How Much Should I Save?

Hey everybody!  Today’s post is my answer to a question I see asked a lot by strangers on the internet machine.  What $ or % should I save each year/month/week?   Now, there are people that will give you a pat on the back for saving 10% or 20% each year, but that’s not the mentality here.  We want to live frugally and maximum our savings so that we can reach financial independence as soon as possible.  I think setting a realistic goal that considers all relevant factors is important to measuring your success.  Here’s what you need to do:

Step 1: Make a budget.  This needs to be a realistic budget that you ideally have followed for a couple months.  Make cuts where you can and add a buffer if you think it may be necessary.  You don’t want to have excuses for not meeting your goals because of small unexpected expenses (etc: buying wedding gifts, needing a oil change, putting a deposit on an apartment).  Use this as an opportunity to scrutinize all of your expenses.  This budget should include rent/mortgage, insurance (car/rental/home/health), food/eating out, clothing, toiletries, gifts, fuel, travel, vacations, monthly memberships, internet, utilities, cable, minimum debt payments, etc.  In my opinion, the shorter this list, the better.  For the curious, you can see the budget I’ve been following for several months here.

Step 2: Figure out your annual tax liability.  Oh, taxes, fun.  It’s a necessary evil that definitely makes an impact.  If you don’t believe me, look at this to see the numbers for yourself.

If you make a pretty steady amount, you can just look at your prior year taxes and use that amount.  Be sure to include payroll (6.2% social security and 1.45% medicare), federal, state, and local income taxes.  If you recently received a raise or don’t have documentation to determine your tax liability, here is a semi-quick way to calculate:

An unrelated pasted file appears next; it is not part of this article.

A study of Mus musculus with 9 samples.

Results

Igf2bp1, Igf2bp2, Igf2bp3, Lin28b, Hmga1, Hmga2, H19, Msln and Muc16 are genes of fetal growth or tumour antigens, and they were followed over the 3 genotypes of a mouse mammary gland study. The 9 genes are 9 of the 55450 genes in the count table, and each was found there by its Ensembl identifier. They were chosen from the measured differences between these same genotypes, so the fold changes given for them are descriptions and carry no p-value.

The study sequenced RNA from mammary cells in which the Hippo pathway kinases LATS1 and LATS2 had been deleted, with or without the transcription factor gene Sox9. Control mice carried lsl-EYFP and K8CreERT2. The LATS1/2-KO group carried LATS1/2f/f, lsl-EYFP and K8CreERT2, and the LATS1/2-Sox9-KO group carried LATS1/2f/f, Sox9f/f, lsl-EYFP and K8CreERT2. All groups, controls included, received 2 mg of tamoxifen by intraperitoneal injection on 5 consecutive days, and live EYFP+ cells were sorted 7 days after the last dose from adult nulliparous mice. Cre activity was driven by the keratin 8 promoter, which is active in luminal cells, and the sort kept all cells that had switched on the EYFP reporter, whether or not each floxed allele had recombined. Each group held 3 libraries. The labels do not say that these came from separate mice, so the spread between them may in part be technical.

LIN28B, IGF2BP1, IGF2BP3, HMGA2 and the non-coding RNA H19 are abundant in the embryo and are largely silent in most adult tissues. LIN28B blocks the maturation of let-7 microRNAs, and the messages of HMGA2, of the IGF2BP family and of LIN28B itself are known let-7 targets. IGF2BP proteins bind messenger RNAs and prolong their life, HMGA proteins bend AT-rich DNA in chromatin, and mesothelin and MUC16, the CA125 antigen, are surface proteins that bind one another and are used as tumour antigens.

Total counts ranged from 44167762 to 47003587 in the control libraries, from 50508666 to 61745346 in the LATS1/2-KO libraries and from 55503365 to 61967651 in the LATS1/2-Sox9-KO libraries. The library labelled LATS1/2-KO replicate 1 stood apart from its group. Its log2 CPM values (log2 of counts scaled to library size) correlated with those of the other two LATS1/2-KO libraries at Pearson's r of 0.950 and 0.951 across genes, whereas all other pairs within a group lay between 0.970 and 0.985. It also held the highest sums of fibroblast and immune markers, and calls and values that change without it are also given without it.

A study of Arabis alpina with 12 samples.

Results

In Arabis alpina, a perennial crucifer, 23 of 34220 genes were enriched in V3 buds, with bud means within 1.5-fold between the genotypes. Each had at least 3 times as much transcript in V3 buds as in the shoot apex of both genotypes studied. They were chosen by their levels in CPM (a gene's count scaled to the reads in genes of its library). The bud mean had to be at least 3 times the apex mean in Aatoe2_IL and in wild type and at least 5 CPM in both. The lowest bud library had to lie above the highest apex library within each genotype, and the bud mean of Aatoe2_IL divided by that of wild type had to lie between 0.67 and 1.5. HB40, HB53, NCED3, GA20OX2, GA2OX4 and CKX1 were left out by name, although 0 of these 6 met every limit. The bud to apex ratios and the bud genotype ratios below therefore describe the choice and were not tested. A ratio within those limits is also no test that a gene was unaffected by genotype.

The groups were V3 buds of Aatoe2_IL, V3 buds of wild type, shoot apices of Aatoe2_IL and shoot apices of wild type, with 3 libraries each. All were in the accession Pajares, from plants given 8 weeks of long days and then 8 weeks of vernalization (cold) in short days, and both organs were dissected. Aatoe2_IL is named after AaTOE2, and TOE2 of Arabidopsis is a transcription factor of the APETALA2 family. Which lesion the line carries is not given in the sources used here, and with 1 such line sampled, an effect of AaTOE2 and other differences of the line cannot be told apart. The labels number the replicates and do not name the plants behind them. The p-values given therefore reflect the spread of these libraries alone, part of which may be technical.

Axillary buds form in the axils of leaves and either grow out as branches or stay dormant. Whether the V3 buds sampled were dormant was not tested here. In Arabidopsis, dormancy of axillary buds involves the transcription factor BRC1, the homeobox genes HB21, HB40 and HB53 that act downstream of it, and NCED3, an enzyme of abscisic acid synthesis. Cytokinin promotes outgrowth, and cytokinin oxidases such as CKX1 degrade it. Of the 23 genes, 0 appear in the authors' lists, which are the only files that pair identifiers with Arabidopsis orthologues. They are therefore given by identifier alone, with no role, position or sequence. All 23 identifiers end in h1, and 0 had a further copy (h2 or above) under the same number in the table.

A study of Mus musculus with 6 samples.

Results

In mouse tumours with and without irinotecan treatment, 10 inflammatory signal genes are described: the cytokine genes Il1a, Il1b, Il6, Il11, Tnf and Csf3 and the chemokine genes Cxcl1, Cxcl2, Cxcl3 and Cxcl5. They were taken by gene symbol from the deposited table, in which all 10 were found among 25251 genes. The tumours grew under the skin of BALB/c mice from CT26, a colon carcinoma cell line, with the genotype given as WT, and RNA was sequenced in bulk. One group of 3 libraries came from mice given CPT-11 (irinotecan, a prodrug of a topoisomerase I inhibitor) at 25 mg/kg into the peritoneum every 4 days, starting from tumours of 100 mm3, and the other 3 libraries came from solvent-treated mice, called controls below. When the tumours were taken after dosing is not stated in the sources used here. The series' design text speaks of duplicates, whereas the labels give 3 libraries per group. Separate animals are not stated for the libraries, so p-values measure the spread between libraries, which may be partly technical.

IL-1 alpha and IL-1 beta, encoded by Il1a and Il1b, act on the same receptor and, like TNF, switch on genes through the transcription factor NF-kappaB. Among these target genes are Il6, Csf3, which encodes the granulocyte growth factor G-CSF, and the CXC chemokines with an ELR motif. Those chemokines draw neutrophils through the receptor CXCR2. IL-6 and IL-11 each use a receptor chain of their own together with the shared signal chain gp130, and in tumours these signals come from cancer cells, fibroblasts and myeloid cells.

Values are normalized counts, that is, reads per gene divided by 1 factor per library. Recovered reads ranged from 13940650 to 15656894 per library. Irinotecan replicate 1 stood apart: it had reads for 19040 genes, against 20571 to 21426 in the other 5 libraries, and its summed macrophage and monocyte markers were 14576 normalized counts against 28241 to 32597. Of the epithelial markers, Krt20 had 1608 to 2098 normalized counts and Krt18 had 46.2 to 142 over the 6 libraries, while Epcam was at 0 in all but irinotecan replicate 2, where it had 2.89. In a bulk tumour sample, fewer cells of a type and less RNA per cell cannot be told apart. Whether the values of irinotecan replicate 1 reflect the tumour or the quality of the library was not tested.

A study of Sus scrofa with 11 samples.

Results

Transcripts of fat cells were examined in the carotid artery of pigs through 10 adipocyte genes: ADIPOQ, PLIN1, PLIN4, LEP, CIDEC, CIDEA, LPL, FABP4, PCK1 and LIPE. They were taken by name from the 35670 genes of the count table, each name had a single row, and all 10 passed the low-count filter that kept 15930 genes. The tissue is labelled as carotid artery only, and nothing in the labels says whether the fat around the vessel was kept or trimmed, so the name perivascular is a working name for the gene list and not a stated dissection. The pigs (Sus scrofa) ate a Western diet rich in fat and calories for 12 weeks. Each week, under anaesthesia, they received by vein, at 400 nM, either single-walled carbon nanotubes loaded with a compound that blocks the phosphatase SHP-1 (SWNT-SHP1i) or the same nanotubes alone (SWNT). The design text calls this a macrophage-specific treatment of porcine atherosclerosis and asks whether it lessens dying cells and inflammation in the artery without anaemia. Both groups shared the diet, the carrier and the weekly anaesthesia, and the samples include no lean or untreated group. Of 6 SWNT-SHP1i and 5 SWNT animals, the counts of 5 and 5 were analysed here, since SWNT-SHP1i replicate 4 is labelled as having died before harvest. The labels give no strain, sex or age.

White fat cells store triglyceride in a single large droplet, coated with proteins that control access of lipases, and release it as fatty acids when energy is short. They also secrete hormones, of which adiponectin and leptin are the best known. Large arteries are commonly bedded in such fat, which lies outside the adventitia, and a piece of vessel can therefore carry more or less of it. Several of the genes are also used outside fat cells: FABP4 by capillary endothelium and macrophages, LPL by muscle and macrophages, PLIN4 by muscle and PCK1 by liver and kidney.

• Annual salary * 7.45% for payroll taxes.  This will only differ if you make above the SS cap (2013 = $113,700)
  • Federal taxes: Use this calculator.  If you itemized last year, then grab your 1040 for the number, otherwise, use 0 for the standard deduction.
  • State taxes: Use this link to determine your calculation.
  • Local taxes:  St. Louis has a 1% tax if you live or work in the city.  Luckily, this doesn’t apply to me right now; however, you’ll need to do the research on this one, since I don’t know where you live.  Feel free to leave a comment or PM me if you have questions on this.

Step 3: Subtract taxes and living expenses from your annual salary.  This number is  your maximum savings amount and should include pre-tax retirement accounts (Traditional IRA/401ks/etc).  Ideally, this is the amount that you are able to use to pay down debt or put away for the future.  If you’re not sure what to do with all this money, see this post about my current strategies for saving.

It’s really that simple!  Three steps and you’ll have a realistic goal that you can measure your success against.  If you prefer weekly/monthly measurements, then just divide the number by 52 or 12 and keep track of your progress.

Do you measure  your savings progress?  Do you have a goal?  How did you calculate it?